I met my first best friend in ballet class when we were both five years old. We were early readers and could devour a chapter book in just a few days—a big feat at that age! Somewhere in there, we began trading our favorite books each week, and 30 years later, she still remains one of my closest friends. And while our relationship has ebbed and flowed over the years, I know that she is always there for me, as I try to be for her.
Friendships matter. Not only do I know this from experience, there is also a strong body of research that suggests that the strength of your social network and the power of your friendships can indicate everything from your physical health to your level of happiness throughout your lifespan. Now, as a mother and a former teacher, I think about the lasting impact of friendship and how the development of our earliest friendships can define our future relationships. So how can we support our children’s early friendships?
Teach Empathy: Engage with your child in authentic ways such as asking about their day, noticing when they need support, and offering examples of similar situations from your own experience (e.g., “When I was 5 I fell off my bike. It was really scary and I wanted a lot of hugs afterward.”). You can also model empathy through your interactions with others. Your child will notice how you communicate with others in everyday situations and will hopefully emulate those behaviors.
Model Kind Behaviors: Kids learn best by observation and experience. Consider the everyday ways that you interact with those around you. Do you thank the cashier at your local grocery store? How do you show appreciation and interact with their teacher, the mail carrier, or a friend? Are you welcoming to new neighbors? Do you show concern for the well-being of others when they are ill or experiencing a hard time? Highlight kind behaviors and how they make you feel. Your child is always watching and will notice how you act in the small and big interactions throughout your day.
Celebrate Differences: One of the best ways to practice empathy is to learn about others and the ways that we might be different or the same. Children are naturally curious. They want to notice differences and similarities that they see and they want to make real connections with people. Support them in engaging with people in authentic ways. Make a point to read diverse children’s books and to discuss them with your child. For example, “Our family has a mama, a child, and a dog. This family has a daddy and a papa. Isn’t it interesting that there are so many different kinds of families?” Be honest about bias and stereotypes with your children. Here are some great ways to talk about race and social justice with your children. Help your child to notice and celebrate differences as they explore what makes them and their friends special. Help them to notice how they can have close friends who might look different from them, speak different languages, and like different things.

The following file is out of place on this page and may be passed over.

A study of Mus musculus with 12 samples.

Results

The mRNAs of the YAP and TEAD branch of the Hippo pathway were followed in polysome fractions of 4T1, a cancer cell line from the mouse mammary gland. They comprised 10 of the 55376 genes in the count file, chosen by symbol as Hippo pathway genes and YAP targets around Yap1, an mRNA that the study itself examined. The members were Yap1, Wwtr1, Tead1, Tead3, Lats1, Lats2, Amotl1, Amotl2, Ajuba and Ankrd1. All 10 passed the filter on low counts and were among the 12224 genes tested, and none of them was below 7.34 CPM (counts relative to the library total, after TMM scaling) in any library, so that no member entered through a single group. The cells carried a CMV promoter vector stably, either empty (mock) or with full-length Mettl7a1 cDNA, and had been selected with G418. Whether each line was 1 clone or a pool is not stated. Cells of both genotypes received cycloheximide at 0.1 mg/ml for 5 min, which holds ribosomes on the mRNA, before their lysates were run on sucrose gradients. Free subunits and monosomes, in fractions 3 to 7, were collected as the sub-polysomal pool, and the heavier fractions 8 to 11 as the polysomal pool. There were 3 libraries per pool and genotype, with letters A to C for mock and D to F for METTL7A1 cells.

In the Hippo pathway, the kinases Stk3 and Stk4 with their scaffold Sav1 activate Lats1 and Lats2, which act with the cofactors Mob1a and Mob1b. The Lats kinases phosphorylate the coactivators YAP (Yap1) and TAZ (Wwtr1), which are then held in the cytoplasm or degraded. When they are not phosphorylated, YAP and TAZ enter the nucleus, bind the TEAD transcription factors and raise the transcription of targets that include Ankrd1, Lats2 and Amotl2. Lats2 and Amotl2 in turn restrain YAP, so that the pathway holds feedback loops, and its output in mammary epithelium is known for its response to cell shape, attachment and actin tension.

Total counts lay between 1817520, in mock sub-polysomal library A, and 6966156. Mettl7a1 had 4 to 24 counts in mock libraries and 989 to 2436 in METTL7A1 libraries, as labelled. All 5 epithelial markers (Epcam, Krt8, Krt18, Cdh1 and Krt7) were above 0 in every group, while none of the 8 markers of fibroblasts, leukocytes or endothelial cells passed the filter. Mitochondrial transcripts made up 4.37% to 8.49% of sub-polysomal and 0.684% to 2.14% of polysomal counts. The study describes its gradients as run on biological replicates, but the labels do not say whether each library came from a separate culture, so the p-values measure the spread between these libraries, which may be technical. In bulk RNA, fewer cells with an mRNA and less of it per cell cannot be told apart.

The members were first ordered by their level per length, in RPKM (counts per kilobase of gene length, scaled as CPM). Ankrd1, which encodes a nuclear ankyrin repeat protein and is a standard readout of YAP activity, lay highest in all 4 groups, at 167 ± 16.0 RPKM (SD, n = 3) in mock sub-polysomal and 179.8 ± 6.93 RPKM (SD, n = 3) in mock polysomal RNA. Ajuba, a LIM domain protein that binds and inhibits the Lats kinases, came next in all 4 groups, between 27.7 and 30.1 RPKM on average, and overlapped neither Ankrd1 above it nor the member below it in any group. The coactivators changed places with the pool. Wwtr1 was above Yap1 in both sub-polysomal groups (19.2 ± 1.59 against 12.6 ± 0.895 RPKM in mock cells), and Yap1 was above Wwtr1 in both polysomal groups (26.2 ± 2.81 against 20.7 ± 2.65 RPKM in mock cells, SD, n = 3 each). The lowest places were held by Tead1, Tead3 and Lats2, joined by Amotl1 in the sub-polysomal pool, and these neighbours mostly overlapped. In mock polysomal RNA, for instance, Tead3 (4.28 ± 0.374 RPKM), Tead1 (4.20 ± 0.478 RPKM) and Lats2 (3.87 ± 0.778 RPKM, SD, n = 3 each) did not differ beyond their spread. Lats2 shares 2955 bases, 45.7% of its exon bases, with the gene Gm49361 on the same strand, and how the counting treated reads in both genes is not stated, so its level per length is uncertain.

Engage Peers: Help your child interact positively with other children by supporting them with appropriate language.
- “Hi my name is _____. Do you want to play?”
- “Can I play with you?”
- “What are you playing? Can I join?”
- “Would you like to join me?”
Encourage them to navigate taking turns and sharing with others in age-appropriate ways. For example, try inviting your child to bring two toys to the park—one to play with and one to share. Another way to support your child in engaging with peers is to “sportscast,” or verbalize events as they are happening. You might say something like, “Asha, you had the ball and now Ellie has it. You both want to play with the ball.”
By providing just the facts of what is happening in an interaction between peers, you are empowering your child to learn about social situations without judgment, take ownership of their actions, and learn how to interact with their peers through experience. Learn more about the benefits of sportscasting from parent educator and author Janet Lansbury.
Bubble Space: Teach your child about the need for personal space and boundaries by using the analogy of a bubble. We all have a bubble around us and if someone gets too close, it might pop. We can notice if we need space from others and ask for it. Instead of saying, “You can’t play with me,” they can say “I need space please.”
Feeling Words: Help your child identify and name their feelings using feeling cards. Use books to normalize emotions and provide a variety of examples of what they might look or sound like. Provide safe outlets for your child to express their feelings. You can help your child verbalize their feelings when they struggle to find the right words by saying things like, “It seems like you might feel excited about meeting a new friend” or “You seem worried about someone taking your toy at the playground.” Using this type of language gives your child a chance to practice using feeling words in relation to their own experience while validating that how they feel is important.
Helping our children develop healthy and fulfilling friendships is an ongoing task, though it is one that will benefit your child well into adulthood. Hopefully, these tips help you to support your child as they progress towards friendships with greater independence.
By Jasmine Gibson, an educational consultant with expertise in early elementary education, supporting teachers, and designing curriculum.